UMass Boston's independent, student-run newspaper

The Mass Media

The Mass Media

The Mass Media

See the World, Get some Credit, Maybe a Tan




This summer, the UMB Field School in Prehistoric Archaeology (June 16 to July 10, 2011) will be working at the Maya ceremonial center of La Milpa, the third largest site in the country of Belize. We will also be excavating and mapping some of the smaller agricultural sites associated with La Milpa.  The project is a collaborative effort with a number of different individual research components within a larger regional perspective that allows for a more complete understanding and reconstruction of ancient Maya society.

Our camp is located in the middle of a tropical rainforest within a conservation area rich with flora, fauna, and archaeological remains. It is quite common to be woken up in the morning by the sounds of howler monkeys, parrots, or toucans. In the field, students will learn how to excavate different types of structures and will also spend time the lab processing the artifacts that are recovered. This is a great opportunity for students to participate in exciting new archaeological research and spend time in a beautiful jungle environment. Please contact Lauren Sullivan ([email protected]) for more information. 





Locations: University of Puerto Rico at Rio Piedras, University of Puerto Rico at Cayey (UPRC); the Vieques Cultural Center at Vieques, Puerto Rico; The University of the Virgin Islands, Saint Croix campus; and the University of the Virgin Islands, Saint Thomas campus. Students will be lodged in university dorms and/or hotels. Students will be able to use the library and computer labs at all the locations with the exception of Vieques.

Duration: Two weeks in Puerto Rico (San Juan, Ponce and Cayey), one week in Vieques, four days in St. Croix, and one week in St. Thomas, including a two-day visit to the St. John Carnival and a one-day excursion to the British Virgin Islands. The program will run from June 6 to July 5.

Description: This course will offer students an interdisciplinary approach (sociological, anthropological, and historical) to learn about Caribbean societies and cultures. Emphasis will be placed on the idea of the Caribbean as a natural laboratory of cultural and ethnic diversity, and the study of the historical, socio-political and economic structures and processes that helped shape the Caribbean as such. It draws heavily on the study of material culture and cultural productions (archeological sites, architecture, literature, plastic arts, etc.) as “texts” that speak about the political, economic and social contexts in which they were produced, and which ultimately point to the debates that play a key role in the construction of contemporary identities in the region. Although emphasis is placed on the Spanish and English-speaking Caribbean, the course broadens to include the study of the wider Caribbean, both insular and continental.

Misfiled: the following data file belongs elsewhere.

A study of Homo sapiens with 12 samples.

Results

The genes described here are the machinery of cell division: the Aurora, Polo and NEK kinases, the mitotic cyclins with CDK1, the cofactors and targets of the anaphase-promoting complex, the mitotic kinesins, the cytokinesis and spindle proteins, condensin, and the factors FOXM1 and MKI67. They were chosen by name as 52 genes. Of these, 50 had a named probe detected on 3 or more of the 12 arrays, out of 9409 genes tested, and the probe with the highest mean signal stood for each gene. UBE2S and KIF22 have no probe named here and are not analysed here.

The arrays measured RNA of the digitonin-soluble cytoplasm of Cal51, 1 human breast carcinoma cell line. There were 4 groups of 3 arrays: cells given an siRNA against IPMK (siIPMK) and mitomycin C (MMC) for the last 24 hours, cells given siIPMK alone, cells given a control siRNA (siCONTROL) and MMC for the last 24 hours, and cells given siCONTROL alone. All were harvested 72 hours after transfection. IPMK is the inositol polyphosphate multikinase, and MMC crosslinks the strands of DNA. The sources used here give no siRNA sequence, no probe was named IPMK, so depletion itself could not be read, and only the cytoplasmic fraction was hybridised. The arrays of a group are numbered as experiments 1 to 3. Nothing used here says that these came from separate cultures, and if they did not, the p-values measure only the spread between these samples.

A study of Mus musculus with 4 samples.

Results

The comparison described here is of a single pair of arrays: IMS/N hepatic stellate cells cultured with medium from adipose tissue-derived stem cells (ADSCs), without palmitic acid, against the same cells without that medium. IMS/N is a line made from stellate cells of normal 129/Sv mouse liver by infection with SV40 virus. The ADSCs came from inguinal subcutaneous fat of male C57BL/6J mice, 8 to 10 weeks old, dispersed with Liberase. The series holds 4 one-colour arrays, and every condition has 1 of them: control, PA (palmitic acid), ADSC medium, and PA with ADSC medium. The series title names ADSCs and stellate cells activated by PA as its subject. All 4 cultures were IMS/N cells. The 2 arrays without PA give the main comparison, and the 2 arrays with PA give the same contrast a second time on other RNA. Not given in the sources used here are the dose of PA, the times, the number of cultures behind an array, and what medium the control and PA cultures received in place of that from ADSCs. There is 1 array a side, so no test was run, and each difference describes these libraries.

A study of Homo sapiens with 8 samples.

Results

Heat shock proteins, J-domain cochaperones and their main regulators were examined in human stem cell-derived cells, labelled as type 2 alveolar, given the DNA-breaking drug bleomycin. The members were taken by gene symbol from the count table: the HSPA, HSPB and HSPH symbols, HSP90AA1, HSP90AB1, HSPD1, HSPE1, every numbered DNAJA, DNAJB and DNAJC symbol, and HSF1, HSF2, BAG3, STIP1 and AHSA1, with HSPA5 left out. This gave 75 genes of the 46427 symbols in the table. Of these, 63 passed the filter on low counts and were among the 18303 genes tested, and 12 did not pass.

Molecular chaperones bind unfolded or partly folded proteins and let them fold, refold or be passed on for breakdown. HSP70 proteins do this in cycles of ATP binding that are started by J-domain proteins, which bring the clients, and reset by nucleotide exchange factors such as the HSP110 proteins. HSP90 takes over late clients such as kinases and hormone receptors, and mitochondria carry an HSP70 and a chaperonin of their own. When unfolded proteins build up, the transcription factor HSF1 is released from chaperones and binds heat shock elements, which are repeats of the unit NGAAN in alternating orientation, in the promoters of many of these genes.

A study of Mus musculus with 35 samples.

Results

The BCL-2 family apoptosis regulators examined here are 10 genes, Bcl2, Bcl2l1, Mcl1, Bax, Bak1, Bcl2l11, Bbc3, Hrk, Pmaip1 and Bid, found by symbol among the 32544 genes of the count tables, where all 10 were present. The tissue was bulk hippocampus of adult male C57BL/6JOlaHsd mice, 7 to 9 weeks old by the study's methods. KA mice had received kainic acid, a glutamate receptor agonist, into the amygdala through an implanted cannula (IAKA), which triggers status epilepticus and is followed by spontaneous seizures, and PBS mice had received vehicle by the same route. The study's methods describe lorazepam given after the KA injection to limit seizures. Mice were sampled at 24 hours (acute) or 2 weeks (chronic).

Visit London this summer! Starting at UMB, the summer course Theatre in Londonintroduces students to the history and traditions of the English stage. The class goes to London for a ten day immersion experience at one of the great international centers for the arts. During their time in London, students will attend no fewer than ten shows (last year we saw twelve) at the most significant theatres in England, including the new Globe, the National, the Royal Court Theatre, the Old Vic, and more. Additionally, the class will go to extraordinary museums, London Tower, Buckingham Palace, and Westminster Abbey, where the Kings of England have been crowned, wedded, and buried for the last millennium.

Theatre in Londonis not just for Theatre majors. In fact, usually only half of the students are from the department. The rest are simply students who enjoy drama, are prepared to work hard, and want to have an incredible experience in one of the most exciting cities in the world. Interested students who have questions should contact the instructor, Dr. Robert Lublin at [email protected].




Since the late 1990s, The Africana Studies Department, through the Haitian Studies Project in collaboration with University College and the Trotter Institute at UMB, has organized a premier study abroad program that serves as a model for a series of other study abroad program on this campus and at several universities in the US, Canada and Europe. Haiti Today: People, Culture and Politics, has attracted students from many leading institutions of higher education from the all over the nation.

This on-site course of study in Haiti explores the history, politics, economy and culture of Haiti from both external and internal perspectives. It further examines current economic, political, and social issues in Haiti and how they are being addressed within existing national and local institutional structures. Linked to this issue is the impact of the global political economy on events in Haiti, particularly the role of the United States, France, and Canada.

The course facilitates further understanding of Haiti through total immersion into the country’s cultural, economic, political and social realities. Students visit public and private institutions as well as significant historical, cultural, and ecological sites in various towns. Furthermore, participants interact with local students from various public and private universities to strengthen their cultural immersion experience.

Over the years, the program has expanded this international experience by offering a service learning component for students who have completed the Haiti Today study abroad program and willing to pursue a career in international setting.